Just kidding. But the fog does seem to have lifted slightly. The U.S. economy has been an island of persistent if uneven expansion in a world of sputtering growth. A pickup in international trade would help all and we picked up a few positive signs last week. Ratification of the United States-Mexico-Canada Agreement (USMCA) would be helpful. The USMCA was finally added to the agenda in Congress last week and we could see progress in the final weeks of the year. Some clarity on the direction in which Brexit will take the U.K. and Eurozone is nearer on the horizon now that the U.K.’s political position has become clearer. Finally, with few facts on the status of the trade negotiations between the U.S. and China, the December 15 round of planned tariffs was scrapped in the final hours. Even with the remaining problems, these events tip the scales toward a net positive for the economies of the world.
On the One Hand
- The Consumer Price Index (CPI) was up 0.3% in November. The annual CPI through November was up 2.1%. Retail sales are up 3.3% on an annual basis.
- The Producer Price Index (PPI) was unchanged in November, putting the annual PPI through November at 1.1%.
- Retail sales were up 0.2% in November following an upwardly revised 0.4% increase (from 0.3%) in October.
- Import prices for November were up 0.2%. Export prices were up 0.2%. On a year-over-year basis, import prices were down 1.3% and export prices were also down 1.3%.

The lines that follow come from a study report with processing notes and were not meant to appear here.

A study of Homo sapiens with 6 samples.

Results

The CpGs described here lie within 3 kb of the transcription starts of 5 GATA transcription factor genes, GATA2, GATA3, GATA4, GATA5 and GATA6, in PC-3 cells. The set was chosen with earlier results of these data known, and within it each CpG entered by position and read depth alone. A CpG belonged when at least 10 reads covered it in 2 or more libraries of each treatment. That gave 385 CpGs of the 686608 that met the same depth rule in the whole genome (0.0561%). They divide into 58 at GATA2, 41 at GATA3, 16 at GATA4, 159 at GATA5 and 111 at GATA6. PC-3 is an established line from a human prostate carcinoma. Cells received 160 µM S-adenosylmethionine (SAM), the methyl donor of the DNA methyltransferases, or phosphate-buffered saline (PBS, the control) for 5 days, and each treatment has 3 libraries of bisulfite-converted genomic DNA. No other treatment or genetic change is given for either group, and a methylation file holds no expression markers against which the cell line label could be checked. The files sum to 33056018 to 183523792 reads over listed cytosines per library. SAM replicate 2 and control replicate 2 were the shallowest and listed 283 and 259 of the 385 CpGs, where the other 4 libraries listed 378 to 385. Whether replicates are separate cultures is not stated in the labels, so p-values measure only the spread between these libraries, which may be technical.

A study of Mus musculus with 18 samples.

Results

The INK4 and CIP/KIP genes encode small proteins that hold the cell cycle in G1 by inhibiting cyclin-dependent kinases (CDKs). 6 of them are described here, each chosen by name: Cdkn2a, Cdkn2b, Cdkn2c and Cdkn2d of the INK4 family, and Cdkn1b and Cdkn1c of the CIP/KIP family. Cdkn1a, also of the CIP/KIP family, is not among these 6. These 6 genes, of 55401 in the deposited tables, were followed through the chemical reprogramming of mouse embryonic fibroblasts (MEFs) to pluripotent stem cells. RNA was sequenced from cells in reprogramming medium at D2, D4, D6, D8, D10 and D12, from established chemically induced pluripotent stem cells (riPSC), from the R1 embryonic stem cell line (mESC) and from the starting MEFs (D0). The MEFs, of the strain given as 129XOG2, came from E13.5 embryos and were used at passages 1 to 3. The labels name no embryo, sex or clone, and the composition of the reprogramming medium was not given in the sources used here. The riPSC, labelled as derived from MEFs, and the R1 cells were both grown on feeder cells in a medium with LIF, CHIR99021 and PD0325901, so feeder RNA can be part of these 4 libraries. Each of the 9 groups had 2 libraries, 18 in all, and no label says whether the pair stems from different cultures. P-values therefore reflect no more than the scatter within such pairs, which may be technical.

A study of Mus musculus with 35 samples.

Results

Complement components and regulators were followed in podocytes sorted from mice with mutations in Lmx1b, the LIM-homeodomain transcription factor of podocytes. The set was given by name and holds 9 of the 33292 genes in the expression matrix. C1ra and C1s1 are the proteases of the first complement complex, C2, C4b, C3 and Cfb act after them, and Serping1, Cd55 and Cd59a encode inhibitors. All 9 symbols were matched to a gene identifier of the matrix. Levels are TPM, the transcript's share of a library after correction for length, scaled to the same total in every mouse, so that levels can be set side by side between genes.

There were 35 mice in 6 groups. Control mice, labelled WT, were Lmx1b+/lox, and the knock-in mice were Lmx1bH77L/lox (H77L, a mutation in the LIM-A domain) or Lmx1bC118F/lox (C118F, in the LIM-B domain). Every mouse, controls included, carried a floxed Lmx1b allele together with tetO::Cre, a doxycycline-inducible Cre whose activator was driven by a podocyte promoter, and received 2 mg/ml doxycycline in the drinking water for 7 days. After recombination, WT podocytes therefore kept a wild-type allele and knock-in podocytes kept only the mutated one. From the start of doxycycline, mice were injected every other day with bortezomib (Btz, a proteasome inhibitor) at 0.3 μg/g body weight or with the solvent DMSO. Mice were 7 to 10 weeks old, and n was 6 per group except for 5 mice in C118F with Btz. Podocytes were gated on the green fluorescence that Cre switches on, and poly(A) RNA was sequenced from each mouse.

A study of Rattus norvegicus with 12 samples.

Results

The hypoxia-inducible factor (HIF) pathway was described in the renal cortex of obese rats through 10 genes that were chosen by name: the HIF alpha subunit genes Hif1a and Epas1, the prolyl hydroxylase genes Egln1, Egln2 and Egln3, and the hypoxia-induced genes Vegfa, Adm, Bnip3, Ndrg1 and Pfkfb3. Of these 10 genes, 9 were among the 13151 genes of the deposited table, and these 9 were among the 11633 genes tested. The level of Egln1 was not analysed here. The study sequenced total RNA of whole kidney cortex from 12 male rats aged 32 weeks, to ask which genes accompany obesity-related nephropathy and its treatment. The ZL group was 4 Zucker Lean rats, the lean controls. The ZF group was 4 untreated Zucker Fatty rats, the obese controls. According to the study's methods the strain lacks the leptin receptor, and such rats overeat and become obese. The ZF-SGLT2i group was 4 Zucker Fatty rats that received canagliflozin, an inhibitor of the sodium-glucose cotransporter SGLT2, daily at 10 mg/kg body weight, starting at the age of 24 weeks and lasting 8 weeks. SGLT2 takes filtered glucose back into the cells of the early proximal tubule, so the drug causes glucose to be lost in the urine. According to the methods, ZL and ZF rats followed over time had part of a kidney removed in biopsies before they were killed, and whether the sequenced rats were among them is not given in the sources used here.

- Total business inventories, adjusted for seasonal variations but not for price changes, were up 0.2% in the month of October and up 3.1% percent for the year ending in October. Total business sales were down 0.1% in the same month and were also down 0.1% on an annual basis. This spread between inventories and sales should keep prices in check.
On the Other Hand
- Nonfarm business sector labor productivity was revised to a decline of 0.2% in the third quarter from the previously reported 0.3% decrease. Unit labor costs increased 2.5% and have averaged 2.2% over the last four quarters. The revisions do not change the initial assessment, lower productivity and higher unit labor costs indicate profit margins are under pressure.
- For the first time since September 2017 weekly initial unemployment claims were over 250,000 at 252,000, an increase of 49,000 for the week. The four-week moving average for initial claims increased by 6,250 to 224,000. Continuing claims declined by 31,000 to 1.667 million.
All Else Being Equal
The Fed held its fed funds range unchanged at 1.75% and Jerome Powell spoke of the likelihood of little change in interest rate policy over the coming year.
The Atlanta Fed staff’s latest GDPNow estimate for real growth in Q4 stands at 2.00%. The New York Fed’s Nowcast remains in single digits at 0.7% for Q3 and 0.8% for Q1 2020.